A federal judge on Tuesday granted class-action status to a suit filed by Uber drivers who argue they are treated like employees but paid as contractors who receive no benefits.
US District Court Judge Edward Chen ruled that the suit filed in Northern California by several Uber drivers also covers UberBlack, UberX and UberSUV drivers dating back to mid-August of 2009 in the state.
The judge found that Uber drivers’ relationship with the company was similar enough for them to be represented as a class in the case.
The suit filed against Uber Technologies argues that drivers qualify as Uber employees as opposed to independent contractors and, as such, are deserving of benefits and protections called for by California labor law.
In particular, those behind the suit contend that Uber has failed to reimburse drivers for expenses or losses related to doing their jobs and has failed to pass on tips from riders.
Part of the lure of Uber is that people summon rides and pay using smartphone applications, with transactions going through Uber and no need for cash on hand. Uber allows for tip-free rides.
Chen’s ruling was focused on whether the suit qualified to represent Uber drivers as a group and did not address merits of the case.
“While we are not surprised by this court’s ruling, we are pleased that it has decided to certify only a tiny fraction of the class that the plaintiffs were seeking,” an Uber spokesperson told AFP.
“That said, we’ll most likely appeal the decision as partners use Uber on their own terms, and there really is no typical driver – the key question at issue.”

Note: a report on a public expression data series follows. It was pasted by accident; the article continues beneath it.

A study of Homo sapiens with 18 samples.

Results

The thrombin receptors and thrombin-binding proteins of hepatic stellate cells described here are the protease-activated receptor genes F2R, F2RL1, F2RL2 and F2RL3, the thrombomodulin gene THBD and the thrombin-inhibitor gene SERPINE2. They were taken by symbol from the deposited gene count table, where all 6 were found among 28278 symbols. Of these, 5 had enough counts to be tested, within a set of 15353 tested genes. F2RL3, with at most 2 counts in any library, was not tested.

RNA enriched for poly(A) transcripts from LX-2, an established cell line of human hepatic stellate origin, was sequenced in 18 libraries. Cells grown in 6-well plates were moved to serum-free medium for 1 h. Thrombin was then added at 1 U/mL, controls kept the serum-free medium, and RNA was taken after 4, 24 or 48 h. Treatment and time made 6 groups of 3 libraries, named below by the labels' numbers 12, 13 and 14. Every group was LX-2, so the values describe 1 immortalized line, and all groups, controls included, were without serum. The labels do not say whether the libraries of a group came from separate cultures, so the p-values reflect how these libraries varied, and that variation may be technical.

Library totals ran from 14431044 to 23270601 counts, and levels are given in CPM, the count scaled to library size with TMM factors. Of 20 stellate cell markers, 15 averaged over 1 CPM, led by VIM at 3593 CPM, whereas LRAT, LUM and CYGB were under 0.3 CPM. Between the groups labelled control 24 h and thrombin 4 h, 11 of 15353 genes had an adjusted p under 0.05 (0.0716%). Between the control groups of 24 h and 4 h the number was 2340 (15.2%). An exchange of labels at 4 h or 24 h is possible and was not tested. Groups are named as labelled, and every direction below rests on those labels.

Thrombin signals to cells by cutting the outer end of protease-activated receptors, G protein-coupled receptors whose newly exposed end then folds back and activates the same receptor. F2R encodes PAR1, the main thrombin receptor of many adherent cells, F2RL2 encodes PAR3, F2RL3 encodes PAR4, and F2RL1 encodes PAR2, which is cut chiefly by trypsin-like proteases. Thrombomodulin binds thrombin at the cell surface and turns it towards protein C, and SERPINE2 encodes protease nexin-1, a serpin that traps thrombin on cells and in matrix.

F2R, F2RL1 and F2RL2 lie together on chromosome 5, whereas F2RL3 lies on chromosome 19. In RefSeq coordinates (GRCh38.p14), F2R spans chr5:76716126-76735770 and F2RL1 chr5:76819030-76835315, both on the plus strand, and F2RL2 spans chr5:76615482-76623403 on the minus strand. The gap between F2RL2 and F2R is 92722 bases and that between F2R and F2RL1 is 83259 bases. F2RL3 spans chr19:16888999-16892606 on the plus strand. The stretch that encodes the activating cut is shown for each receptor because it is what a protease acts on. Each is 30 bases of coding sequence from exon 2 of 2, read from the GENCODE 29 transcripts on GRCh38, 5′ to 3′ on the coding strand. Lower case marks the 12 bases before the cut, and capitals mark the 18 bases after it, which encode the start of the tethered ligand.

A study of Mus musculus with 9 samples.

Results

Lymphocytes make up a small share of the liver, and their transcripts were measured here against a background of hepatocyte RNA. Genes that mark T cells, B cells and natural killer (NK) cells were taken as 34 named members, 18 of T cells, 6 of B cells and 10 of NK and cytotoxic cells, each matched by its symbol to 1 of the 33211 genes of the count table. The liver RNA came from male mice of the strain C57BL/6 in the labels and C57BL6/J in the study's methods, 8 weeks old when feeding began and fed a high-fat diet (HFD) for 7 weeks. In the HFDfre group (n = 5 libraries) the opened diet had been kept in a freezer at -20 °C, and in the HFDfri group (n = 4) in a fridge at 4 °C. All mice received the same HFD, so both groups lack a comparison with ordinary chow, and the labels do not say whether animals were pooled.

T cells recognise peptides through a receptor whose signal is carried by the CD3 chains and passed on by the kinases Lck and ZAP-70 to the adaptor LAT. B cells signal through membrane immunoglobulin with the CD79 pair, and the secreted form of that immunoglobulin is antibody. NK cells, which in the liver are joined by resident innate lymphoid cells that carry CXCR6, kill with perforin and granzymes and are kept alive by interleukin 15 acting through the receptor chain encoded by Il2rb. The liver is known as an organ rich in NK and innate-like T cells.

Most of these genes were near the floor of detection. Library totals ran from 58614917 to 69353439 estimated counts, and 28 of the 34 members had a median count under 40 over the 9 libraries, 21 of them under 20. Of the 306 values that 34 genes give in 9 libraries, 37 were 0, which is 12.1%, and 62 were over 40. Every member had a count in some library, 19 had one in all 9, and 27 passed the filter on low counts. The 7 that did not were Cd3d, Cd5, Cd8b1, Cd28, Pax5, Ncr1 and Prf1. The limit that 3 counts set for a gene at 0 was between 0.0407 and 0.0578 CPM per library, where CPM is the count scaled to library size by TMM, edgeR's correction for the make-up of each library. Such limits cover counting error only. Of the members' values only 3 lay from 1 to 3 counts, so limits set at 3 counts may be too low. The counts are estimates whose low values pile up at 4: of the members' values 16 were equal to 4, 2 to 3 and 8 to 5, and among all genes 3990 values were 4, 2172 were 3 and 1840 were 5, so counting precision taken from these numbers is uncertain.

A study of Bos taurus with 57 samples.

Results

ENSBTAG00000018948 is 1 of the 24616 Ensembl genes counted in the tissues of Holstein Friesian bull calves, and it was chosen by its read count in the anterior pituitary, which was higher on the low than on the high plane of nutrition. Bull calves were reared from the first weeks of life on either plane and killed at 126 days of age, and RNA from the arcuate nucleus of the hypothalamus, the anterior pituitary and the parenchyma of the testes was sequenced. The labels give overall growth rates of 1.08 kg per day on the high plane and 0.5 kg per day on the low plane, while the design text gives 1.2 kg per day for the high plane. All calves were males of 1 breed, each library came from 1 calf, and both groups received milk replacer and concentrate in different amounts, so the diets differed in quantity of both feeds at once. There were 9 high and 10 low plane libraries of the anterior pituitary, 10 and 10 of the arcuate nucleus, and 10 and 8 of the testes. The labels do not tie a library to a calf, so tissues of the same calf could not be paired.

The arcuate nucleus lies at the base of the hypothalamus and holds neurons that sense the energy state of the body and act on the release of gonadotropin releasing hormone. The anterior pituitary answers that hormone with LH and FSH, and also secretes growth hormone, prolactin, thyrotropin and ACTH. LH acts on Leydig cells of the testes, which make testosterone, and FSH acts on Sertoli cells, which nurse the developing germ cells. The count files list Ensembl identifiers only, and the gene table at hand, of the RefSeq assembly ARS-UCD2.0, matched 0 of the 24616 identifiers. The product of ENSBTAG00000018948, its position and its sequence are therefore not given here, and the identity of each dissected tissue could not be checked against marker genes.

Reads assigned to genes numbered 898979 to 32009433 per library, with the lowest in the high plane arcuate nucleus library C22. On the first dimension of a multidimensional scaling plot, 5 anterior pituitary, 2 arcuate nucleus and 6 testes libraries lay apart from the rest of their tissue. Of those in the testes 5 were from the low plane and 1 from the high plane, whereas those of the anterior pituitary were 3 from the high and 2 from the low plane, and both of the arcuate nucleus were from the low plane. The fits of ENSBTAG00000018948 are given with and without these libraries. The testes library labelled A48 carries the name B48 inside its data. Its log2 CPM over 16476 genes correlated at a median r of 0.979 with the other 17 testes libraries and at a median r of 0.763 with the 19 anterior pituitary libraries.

Cracks have begun to appear in the model developed by Uber and other peer-to-peer services.
Lawsuits in several jurisdictions argue that on-demand workers are not independent contractors, but rather employees entitled to unemployment insurance, workers compensation and other benefits.
Politicians are taking notice.
Democratic presidential front-runner Hillary Clinton said recently she would “crack down on bosses who exploit employees by misclassifying them as contractors.”
“This on-demand, or so-called gig economy, is creating exciting economies and unleashing innovation,” she said in June. “But it is also raising hard questions about work-place protections and what a good job will look like in the future.”
Yet without a flexible workforce of independent contractors, “the sharing economy could be stopped in its tracks,” said Christopher Koopman, a research fellow at George Mason University’s Mercatus Center.
“We would not see the dynamic, innovative environment we have today.”
Uber has been maintaining an aggressive international expansion plan, despite fierce opposition in some countries from regulators and established taxi industry players.
San Francisco-based Uber says it operates in some 250 cities and 58 countries. Its app allows smartphone users to connect with drivers and bypass traditional taxi services.
Despite its spectacular growth, Uber has faced troubles in many countries. The company decided to suspend its low-cost service in France after a nationwide taxi strike in protest against Uber turned violent.